Homeless encampments overwhelm Calgary's PAL response team
Illegal encampment complaints have jumped by 60% so far in 2015, compared to all of 2014
Homeless encampments like the one raided by a group of fed-up Inglewood residents to take back allegedly stolen property are becoming more common in the city, overwhelming capacity to respond, Calgary council heard Monday.
The city's 311 service has already received 800 complaints about illegal encampments this year, up from 500 in 2014, according to Stuart Dalgleish, Calgary's general manager of community services.
PAL, created in 2010, is a partnership between bylaw officers, other city departments and external social agencies.
"However, … we've seen an increased presence of encampments along the river in the downtown core during 2015 and that's created additional demands on that team," he said.
'Social disorder and criminal activity'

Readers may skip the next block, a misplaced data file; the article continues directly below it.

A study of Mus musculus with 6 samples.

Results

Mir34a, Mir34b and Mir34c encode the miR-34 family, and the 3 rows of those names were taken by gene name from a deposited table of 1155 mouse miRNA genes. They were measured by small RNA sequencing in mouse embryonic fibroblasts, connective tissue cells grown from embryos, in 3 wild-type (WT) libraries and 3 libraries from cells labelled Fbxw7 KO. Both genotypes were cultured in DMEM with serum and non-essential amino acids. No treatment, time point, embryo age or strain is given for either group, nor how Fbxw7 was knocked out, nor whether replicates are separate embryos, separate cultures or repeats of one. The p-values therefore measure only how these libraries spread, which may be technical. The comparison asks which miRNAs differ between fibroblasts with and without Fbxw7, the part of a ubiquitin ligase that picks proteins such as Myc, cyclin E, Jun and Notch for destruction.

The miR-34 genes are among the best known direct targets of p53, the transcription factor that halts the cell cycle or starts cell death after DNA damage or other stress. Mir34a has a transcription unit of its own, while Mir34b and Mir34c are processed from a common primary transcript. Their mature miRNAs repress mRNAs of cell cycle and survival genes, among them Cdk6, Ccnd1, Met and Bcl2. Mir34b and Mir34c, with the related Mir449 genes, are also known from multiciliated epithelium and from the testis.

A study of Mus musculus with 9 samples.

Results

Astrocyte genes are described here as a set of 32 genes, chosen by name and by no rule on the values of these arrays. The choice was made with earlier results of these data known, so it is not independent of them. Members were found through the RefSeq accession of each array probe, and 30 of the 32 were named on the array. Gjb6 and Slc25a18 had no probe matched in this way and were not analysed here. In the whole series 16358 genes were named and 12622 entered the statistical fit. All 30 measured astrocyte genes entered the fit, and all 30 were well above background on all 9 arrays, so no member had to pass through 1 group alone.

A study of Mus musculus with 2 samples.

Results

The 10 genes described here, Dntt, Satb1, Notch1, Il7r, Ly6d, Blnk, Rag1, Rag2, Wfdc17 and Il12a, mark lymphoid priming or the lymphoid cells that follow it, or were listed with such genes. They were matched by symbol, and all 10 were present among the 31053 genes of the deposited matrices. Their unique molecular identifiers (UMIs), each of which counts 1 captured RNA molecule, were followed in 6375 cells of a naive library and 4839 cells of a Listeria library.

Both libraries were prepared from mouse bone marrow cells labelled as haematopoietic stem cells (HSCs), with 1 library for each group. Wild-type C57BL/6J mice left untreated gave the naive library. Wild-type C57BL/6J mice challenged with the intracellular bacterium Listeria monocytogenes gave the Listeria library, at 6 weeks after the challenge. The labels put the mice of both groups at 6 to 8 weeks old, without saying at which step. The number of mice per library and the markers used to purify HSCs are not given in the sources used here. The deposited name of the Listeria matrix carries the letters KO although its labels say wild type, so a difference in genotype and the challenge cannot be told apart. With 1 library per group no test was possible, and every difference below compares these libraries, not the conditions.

Dalgleish's comments came in response to a question from Coun. Gian-Carlo Carra, who raised concerns about the growth in illegal encampments and apparent increases in crime, particularly in core-area communities located near riverbanks like Inglewood.
"Much of this crime, rightly or wrongly, has been associated with encampments that we have seen along the river over the last six months," Carra said.
"These encampments have always been there — especially during warm years, late into the fall — but they've become increasingly sources of social disorder and criminal activity."
Last month, a group of Inglewood residents banded together in response to a spree of property thefts and ventured into a nearby encampment with a pair of bolt cutters to retrieve a Chariot baby carrier they allege was taken from a woman's home.
Carra has since advised residents against taking matters into their own hands and inquired Monday about what more the city can do about these "complex social issues."
Dalgleish said the city is now looking at bolstering the PAL team, perhaps by creating a "dedicated city response team" to deal with encampments.
Cleanup costs $5,000 per camp
The city may also ask the Calgary Police Service to expand its involvement in addressing the issue, he added.
"We continue to explore solutions and we plan to look for some better answers," Dalgleish told council, adding city staff should have a more specific plan by early 2016.
It costs about $5,000 to clean up an encampment, Dalgleish noted.